On the first day of summer, June 21, the Winn-Dixie grocery chain, located primarily in the Southeast, announced that 22,000 workers would end up on the street and over 300 stores will be darkened.

Earlier this month GM took a meat cleaver to 25,000 jobs, 22 percent of their workforce.

Railroad workers and telecommunications workers are not buying new cars as their jobs fall into the shaky category.

For the second year in a row, no hamlet, town or city has money for youth jobs.

This is summertime. ‘Livin’ is supposed to be easy.

Reports have surfaced that the Bush administration plans to tinker with the formula that tracks U.S. jobs. Is the jobs crisis to the point that the Bush administration wants to change the numbers? “Change the numbers, change the reality,” they figure.

Before Bush’s number zapper strikes, the AFL-CIO reports that as of March, 13.6 million workers were out of work, a figure roughly equivalent to every man, woman and child in the state of Pennsylvania.

There is no measure of the statistics of pain. From homelessness to bankruptcies, pain and insecurity have increased in the first five months of the Bush second term.

The Republican tax cut to the super-rich has paid off — for them. And skyrocketing worker productivity has paid off — for corporations. In 2004, according to Forbes, CEO’s at the top 500 corporations saw their bank accounts increase by 54 percent, from $3.3 billion to $5.1 billion.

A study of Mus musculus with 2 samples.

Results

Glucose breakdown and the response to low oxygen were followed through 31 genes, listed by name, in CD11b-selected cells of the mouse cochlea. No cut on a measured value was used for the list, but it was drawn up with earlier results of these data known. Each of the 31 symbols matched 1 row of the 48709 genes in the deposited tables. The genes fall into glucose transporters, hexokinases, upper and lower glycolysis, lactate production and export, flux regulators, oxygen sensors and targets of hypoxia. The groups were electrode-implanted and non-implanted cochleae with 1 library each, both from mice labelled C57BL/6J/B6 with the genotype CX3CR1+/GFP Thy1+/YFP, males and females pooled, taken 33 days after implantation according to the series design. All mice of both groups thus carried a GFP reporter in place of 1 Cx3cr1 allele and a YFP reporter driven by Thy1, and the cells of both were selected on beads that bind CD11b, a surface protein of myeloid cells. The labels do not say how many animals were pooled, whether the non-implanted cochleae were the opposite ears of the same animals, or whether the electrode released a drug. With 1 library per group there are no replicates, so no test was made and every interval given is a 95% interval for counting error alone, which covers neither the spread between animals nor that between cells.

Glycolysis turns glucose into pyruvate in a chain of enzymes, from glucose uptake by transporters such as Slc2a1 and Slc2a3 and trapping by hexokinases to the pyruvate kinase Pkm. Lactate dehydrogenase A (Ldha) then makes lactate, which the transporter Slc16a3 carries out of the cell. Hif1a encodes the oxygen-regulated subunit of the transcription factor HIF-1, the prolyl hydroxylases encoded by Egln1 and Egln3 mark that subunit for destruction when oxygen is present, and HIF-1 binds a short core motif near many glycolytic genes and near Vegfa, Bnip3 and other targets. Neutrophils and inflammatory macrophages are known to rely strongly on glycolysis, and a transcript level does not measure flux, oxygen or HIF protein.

Bush’s economic policy of “free trade,” shipping jobs overseas, tax cuts to the corporate rich and rejection of investment in building the U.S. results in “the 500” doing great and the rest — the 130 million U.S. working-class people — feeling “uneasy,” to put it mildly.

Capitalism is designed to produce individual profits, not create democratic prosperity, and every U.S. government grapples with its contradictions. But this brand of Republican rule pours gasoline on every fire by bringing in the corporations to call the shots for maximum profit.

With unemployment ratcheting up just like gasoline prices, calls for impeachment are not in the wilderness. And neither are demands for public ownership, wage increases, guaranteed full employment and a shorter workweek.